Does the War on Marijuana Cause Crime?

Does the War on Marijuana Cause Crime?

Is the war on marijuana actually CAUSING crime?

Well, it depends on what kind of crime we are talking about. Ask yourself what is more criminal: a United States citizen making an informed decision about using a plant, or organized crime combines implementing violence and coercion to protect their preeminence trafficking an illegal substance?Why would the United States foster violent drug trafficking and organized crime?

Well, much of it has roots in the end of alcohol prohibition in America. When prohibition was finally deemed an abysmal failure in the 1930s, there were thousands of narcotics officers who stood to lose their jobs.

Through a bureaucratic reach-around, these men were able to retain their positions as drug vigilantes when marijuana was deemed a dangerous substance peddled by lazy blacks and Mexicans.

Instead of giving a chunk of the population a pink slip or a ticket to another police department, a rather ubiquitous plant was outlawed, along with its industrially-grown relative that helped form the backbone of the early American economy.

What happens when there is demand for something that farmers aren’t allowed to grow and stores aren’t allowed to retail? The supply for that demand becomes produced on a growing black market.

On black markets, the high demand and the low supply will stimulate a keen interest in obtaining products even at high prices. Why else do you suppose it costs forty to fifty dollars to obtain an eighth of an ounce of something that can grow as prolifically and easily as a dandelion?

United States citizens are paying these ridiculous sums of money on a harmless weed. If you are still keen on believing in a harmful nature of marijuana, then you might as well admit that over seventy million Americans are either too stupid or self-destructive to responsibly use the substance. Too bad there hasn’t been a single death directly attributed to marijuana.

Black markets thrive because of demand, and will continue to do so. But what is the cost? In effect, the cultivation and distribution of marijuana has passed out of the hands of ordinary citizens, and into the hands of violent criminals.

To openly defy law and go underground with equipment and resources to elude police forces, you need a lot of money. Who has adequate money, communications networks, and defense? You got it, organized crime.

Well, surely the inflated size of the DEA and local narcotics divisions would lead to the elimination of such crime rings? Well, that might be the case if efforts weren’t concentrated on busting ordinary people on casual use or possession charges.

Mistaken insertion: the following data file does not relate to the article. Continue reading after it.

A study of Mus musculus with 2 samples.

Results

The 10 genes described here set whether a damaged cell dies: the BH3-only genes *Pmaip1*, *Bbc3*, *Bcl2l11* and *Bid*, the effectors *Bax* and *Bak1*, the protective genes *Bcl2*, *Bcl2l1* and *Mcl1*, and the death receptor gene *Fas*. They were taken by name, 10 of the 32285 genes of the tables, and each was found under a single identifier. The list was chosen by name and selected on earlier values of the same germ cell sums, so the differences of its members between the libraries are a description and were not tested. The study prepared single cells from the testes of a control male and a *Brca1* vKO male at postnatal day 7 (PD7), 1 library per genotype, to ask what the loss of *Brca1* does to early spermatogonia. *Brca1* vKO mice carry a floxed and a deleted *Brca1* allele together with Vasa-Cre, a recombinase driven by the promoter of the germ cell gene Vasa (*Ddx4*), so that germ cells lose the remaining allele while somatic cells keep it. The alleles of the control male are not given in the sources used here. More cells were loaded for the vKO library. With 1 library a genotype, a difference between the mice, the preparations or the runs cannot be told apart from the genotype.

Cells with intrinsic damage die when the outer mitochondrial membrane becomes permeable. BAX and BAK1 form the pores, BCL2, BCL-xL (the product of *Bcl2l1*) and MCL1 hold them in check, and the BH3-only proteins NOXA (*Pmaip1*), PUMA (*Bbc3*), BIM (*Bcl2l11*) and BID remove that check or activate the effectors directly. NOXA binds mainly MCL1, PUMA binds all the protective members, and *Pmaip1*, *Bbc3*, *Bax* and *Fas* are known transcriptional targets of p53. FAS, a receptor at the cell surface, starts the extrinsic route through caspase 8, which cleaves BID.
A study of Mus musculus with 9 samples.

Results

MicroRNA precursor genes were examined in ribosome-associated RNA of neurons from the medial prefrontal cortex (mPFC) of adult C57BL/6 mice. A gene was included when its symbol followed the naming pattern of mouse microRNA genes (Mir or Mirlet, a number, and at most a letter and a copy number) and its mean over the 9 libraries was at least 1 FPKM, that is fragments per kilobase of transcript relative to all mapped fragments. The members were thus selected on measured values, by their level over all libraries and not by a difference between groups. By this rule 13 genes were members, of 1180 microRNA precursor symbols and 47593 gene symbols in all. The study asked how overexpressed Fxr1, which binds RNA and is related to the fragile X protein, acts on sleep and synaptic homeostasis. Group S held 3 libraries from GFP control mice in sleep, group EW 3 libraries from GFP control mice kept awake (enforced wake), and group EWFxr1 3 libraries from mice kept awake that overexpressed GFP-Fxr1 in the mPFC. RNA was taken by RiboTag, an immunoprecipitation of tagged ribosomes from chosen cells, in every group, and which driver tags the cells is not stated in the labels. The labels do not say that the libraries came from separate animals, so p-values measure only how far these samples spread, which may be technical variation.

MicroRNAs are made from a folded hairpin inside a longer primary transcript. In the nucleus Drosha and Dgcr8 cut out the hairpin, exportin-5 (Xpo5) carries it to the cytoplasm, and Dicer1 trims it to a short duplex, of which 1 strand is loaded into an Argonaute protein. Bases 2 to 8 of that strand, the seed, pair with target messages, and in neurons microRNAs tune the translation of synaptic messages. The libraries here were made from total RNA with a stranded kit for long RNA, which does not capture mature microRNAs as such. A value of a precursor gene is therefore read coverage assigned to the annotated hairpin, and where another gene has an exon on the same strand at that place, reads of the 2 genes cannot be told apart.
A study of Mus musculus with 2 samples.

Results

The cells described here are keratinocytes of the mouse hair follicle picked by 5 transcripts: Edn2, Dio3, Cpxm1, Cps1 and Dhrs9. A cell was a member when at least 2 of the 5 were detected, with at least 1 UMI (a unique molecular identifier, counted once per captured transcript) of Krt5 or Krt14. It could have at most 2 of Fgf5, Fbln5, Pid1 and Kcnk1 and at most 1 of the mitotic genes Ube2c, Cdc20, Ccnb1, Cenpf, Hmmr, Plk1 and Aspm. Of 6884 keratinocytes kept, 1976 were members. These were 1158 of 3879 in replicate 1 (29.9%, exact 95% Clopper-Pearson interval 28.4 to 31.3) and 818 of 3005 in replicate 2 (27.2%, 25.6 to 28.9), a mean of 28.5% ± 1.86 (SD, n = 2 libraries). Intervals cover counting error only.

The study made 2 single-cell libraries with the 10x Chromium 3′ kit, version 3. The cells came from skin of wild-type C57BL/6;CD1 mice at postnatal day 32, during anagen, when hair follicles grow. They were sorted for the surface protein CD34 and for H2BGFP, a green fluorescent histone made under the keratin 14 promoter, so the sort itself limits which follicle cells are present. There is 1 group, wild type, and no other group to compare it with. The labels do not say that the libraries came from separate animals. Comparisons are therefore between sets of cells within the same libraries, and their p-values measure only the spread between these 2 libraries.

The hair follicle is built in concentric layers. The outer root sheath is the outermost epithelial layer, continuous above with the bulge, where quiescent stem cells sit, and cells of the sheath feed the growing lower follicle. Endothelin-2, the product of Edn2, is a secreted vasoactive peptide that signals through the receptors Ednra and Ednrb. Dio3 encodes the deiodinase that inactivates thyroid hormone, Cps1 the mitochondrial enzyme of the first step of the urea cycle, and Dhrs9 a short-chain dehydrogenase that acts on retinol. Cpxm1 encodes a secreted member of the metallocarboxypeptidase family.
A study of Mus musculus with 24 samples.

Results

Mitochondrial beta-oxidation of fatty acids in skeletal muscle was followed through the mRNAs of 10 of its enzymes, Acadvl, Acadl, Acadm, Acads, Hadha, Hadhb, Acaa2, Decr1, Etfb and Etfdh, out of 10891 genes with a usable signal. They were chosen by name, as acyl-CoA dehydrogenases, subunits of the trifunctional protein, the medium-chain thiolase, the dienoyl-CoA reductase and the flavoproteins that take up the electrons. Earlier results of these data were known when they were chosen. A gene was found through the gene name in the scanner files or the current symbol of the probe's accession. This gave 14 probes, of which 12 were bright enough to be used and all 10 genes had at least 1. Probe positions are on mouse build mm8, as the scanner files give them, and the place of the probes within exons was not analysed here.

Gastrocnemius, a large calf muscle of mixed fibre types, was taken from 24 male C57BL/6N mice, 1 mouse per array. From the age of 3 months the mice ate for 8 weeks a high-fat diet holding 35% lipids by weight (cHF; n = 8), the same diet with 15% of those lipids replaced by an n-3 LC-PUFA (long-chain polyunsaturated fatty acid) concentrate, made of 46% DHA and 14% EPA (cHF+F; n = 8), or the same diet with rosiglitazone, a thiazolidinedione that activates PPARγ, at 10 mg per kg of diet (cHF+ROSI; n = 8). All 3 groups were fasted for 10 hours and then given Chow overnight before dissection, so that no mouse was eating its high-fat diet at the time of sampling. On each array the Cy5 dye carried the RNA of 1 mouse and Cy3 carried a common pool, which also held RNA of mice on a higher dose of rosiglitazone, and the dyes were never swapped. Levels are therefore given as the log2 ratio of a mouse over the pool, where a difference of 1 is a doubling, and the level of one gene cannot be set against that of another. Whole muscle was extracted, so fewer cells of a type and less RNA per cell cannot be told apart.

DEA war on marijuana

A fifth of all crimes prosecuted in the United States are marijuana-related charges. Large organized crime organizations certainly don’t mind the attention from the DEA, because the DEA really only manages to crack down on small operations if they’re lucky.

If you weed out all the small fish in the sea, then prices are able to remain high and buyers are forced to buy product from a narrowed field of distributors.

What’s the incentive for large drug enforcement staffs if the war on marijuana is going nowhere? Well, one reason for that comes from a seldom thought-about fact. In accordance with certain legal statutes, police and government agencies can seize property connected with large suppliers of marijuana.

Ever wonder where they get all that crap to sell at police auctions? The war on drugs has become big business and the war on marijuana has become particularly profitable.

Respect for law enforcement has eroded in a climate of prolific crackdowns on houses and users. If the motto of police forces is “to protect and to serve,” who exactly are these drug enforcement agents protecting or serving?

How is dragging someone wearing no pants or shoes out of his house to be sentenced to time in jail going to rid the world of people making a choice to put something into their body?

More people are smoking weed every year. That trend is unlikely to reverse itself any time soon. Police forces are inflating and so are violent crime organizations that control the flow of black market drugs.

Decriminalizing marijuana would put control of production back into the hands of ordinary people.

When production increases, prices will go down. Who the hell is going to spend fifty bucks on a tiny clump of something they can get for a fraction of that price legally at a farmers market with no middleman?

Well, some policemen might lose their jobs. Big freaking deal, they can find another job! Hell, experience obtained on a police squad could translate well into many occupations in the private sector.

If you are truly concerned about drug trafficking and criminal activity related to drugs, then please take time to consider the causes for those things. Are adding more cops on the street, more space in the prisons, and more money in drug-enforcement programs really the ways to go?